Yesterday, I saw a twitter headline in my TweetDeck that read, The Guilt of the Social Investor, from the Tactical Philanthropy Advisors blog. Naturally, I followed the info trail and was surprised to be directed to a February blog post by Martin Brookes of New Philanthropy Capital (NPC) titled, I admit it, I'm guilty of wasting charitable funds. Gasp! Before I reached over my desk to phone the social investing police, I read the blog further to come to terms with Brookes' admission. His guilt is linked to his knowledge and experience in philanthropy and social investing, and the research conducted at NPC on certain charities. His crime, in his own words: “it was charitable giving to make me feel good, not charitable giving for public benefit.“
Brookes also questions the degree of accountability that donors should be asked to bear when making donations and also the degree to which donors share this responsibility with the charitable sector—the industry charged with providing crucial information for charity effectiveness. As I pondered these questions, it was then that I realized, “I'm guilty, too!” See below for my comments on his blog:
Expectations. The reasoning behind this kind of guilt makes me wonder about what we as a society have learned to expect from these “random acts of kindness” or RAOK. (There is even an unofficial day for RAOK in February.) Just the other day I gave money to a woman on the street because a few days prior, I'd heard her screaming at the top of her lungs out of madness. Do I plan to follow-up with her and ask how she spent the $8 dollars that I had in my pocket? No. Martin, do you plan to follow-up with the Donkey Sanctuary and ask that they report to you how your adoption money and gifts are being spent? Or do you just have the expectation that your relatively small gift is just another “drop in the bucket” with a big hole in the bottom?
What do we learn about expectations when giving? Aren't we taught that altruism is to be practiced WITHOUT expectation? That's what I was taught. So, yes, I understand your dilemma when you say that the impact of every individual who makes irrational giving decisions regardless of how big or how small their gift is, contributes to the overall problem of wasteful donations. But perhaps there is a larger lesson to be taught and to be learned about generosity and philanthropy. It doesn't have to be random, or done out of guilt, or as a gamble. If we donated each month, the same way we pay our utility bills, perhaps, we would then expect that the service we donate to will provide evidence of our monthly investment.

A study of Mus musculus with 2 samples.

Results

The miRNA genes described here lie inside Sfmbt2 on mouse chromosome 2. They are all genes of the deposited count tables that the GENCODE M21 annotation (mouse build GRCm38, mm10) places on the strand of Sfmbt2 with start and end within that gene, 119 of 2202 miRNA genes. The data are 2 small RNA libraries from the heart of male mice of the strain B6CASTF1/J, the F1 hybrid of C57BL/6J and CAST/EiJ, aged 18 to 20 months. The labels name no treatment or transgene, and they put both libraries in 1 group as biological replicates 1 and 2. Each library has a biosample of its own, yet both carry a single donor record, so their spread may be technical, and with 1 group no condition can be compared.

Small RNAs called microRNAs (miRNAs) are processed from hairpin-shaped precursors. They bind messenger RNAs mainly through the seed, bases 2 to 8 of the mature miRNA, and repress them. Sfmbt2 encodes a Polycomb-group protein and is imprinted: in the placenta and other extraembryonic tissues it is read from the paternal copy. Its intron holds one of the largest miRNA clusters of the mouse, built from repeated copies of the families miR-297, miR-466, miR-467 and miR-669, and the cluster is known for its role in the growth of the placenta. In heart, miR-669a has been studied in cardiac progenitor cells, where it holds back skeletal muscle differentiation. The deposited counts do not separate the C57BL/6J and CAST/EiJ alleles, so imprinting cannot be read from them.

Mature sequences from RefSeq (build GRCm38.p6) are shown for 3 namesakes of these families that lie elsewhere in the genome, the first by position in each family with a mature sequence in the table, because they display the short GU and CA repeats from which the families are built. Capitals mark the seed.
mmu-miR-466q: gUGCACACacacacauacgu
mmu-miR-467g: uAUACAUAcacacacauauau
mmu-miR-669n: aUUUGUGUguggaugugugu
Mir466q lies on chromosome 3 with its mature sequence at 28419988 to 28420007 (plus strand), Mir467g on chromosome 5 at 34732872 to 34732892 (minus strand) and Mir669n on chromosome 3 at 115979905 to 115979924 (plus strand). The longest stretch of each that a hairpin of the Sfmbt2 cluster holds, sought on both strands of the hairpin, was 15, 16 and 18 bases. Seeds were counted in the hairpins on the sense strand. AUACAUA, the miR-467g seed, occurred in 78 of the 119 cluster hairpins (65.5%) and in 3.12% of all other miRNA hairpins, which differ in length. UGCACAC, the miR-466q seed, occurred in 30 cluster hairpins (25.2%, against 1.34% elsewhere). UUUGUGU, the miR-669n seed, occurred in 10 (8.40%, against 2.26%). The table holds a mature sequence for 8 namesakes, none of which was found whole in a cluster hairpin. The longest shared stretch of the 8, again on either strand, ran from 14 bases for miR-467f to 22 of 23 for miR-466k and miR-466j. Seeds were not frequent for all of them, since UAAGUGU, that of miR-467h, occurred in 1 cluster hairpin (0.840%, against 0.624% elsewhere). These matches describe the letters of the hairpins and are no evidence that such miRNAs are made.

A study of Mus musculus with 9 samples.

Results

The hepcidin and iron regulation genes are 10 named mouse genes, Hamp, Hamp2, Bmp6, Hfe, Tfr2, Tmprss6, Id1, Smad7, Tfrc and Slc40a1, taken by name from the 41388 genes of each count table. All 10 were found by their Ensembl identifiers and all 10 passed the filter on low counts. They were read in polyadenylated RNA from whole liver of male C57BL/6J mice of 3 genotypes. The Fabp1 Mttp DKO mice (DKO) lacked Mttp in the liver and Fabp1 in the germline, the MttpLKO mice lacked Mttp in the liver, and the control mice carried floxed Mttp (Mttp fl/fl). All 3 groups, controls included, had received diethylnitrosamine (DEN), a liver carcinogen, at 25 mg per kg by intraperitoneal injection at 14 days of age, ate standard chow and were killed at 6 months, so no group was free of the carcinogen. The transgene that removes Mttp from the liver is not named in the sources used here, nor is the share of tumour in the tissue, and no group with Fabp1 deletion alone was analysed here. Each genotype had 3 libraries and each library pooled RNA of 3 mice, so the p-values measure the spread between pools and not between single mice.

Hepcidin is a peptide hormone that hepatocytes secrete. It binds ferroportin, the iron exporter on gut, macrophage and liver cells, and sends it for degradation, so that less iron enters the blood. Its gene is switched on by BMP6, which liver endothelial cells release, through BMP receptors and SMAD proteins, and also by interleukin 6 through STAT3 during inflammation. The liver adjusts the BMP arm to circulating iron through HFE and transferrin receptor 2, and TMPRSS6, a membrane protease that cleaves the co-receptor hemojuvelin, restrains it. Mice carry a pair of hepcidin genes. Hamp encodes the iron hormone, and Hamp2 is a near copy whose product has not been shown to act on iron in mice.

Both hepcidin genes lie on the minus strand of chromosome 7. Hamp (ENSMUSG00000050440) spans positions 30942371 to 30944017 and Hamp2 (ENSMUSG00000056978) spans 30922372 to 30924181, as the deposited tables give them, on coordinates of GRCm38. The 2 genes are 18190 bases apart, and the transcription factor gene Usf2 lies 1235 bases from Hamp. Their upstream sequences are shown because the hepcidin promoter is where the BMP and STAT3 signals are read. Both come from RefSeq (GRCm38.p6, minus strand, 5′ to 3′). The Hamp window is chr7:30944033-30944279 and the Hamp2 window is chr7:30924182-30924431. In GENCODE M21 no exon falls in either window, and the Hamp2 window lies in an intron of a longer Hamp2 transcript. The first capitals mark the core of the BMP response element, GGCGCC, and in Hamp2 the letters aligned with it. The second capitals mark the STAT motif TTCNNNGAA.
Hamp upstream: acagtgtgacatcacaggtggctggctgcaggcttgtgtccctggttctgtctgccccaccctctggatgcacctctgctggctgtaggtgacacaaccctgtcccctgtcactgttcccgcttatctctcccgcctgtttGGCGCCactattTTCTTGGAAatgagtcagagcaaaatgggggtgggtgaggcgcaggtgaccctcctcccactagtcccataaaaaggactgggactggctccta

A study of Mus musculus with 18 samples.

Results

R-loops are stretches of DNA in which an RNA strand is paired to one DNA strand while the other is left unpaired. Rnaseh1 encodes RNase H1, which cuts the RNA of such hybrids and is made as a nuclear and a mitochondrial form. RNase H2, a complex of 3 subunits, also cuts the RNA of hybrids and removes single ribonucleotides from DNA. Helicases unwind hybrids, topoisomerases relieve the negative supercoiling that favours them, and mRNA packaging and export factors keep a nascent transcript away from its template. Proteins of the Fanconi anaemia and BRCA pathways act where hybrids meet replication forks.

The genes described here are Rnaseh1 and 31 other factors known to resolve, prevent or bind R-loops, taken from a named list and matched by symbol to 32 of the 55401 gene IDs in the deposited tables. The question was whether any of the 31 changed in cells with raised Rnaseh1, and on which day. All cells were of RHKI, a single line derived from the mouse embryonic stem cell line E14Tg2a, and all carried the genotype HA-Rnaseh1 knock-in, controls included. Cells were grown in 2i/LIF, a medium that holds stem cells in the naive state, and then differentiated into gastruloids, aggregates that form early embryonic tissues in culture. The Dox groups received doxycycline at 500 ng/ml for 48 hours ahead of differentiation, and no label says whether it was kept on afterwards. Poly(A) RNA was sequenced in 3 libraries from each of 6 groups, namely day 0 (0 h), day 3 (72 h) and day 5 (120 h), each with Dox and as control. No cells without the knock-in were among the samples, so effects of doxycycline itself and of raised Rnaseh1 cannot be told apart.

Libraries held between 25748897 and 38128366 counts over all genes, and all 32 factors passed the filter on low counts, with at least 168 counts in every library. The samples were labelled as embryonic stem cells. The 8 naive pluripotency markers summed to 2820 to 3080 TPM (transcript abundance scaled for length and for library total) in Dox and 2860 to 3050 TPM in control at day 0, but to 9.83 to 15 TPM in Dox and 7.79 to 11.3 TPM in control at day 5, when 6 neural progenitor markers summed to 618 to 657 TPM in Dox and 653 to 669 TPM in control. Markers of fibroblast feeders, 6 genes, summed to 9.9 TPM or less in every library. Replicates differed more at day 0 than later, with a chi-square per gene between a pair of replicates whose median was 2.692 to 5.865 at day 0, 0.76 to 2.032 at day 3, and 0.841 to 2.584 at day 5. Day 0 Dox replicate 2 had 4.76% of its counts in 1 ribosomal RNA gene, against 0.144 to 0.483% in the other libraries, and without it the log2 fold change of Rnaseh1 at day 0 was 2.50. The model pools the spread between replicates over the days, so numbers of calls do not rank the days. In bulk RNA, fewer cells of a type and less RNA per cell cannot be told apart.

I'm curious to know what others think, as I realize my views are not that of everyone else's and especially because I have an American perspective and am not privy to other cultures' thoughts/attitudes on giving.
You can read various other comments from different perspectives here and here. And now, after responding to the first part of Sean Stannard-Stockton's twitter shout: What do you think about social investor guilt?, I'll take an initial crack at answering his second question: What do “I'm Not Rockefeller's” think? Rather than speak on behalf of anyone, I will instead make a few inferences from the 2008 Noonan, et al. study, I'm Not Rockefeller: 33 High Net Worth Philanthropists Discuss Their Approach to Giving.
First of all, after running a document search for the word “guilt” or “guilty” in the pdf document, I found “0” instances. Secondly, the majority of the participants' decision criteria for giving was influenced by their peers and not necessarily by “bang for the buck.” See quote below from the authors:
The majority of HNWP participants, however, seemed reluctant to inquire about specific costs before making an initial or repeat gift (“I think you can drive yourself nuts trying to quantify this stuff”). This seemed implicitly, if not explicitly, related to the fact that HNWP participants did not want their giving activities to feel like work.
Lastly, when I conducted a document search for the word “expect,” I came up with “8” instances. See one quote below from an interviewee:
“We’re not like some of the foundations and the government where they give you a little bit of money and they expect you to turn out all of these results.”
I'm still curious as to how others perceive emotional and or irrational giving that makes people feel good. Why is guilt involved? Is it possible to separate this emotion from acts of charity and philanthropy? Is it a case for more education which can possibly lead to behavioral change in how we as a society think about and practice charity? These are just my initial thoughts and feelings and do not reflect the overall views of the Center but I wanted to bring this discussion up for debate.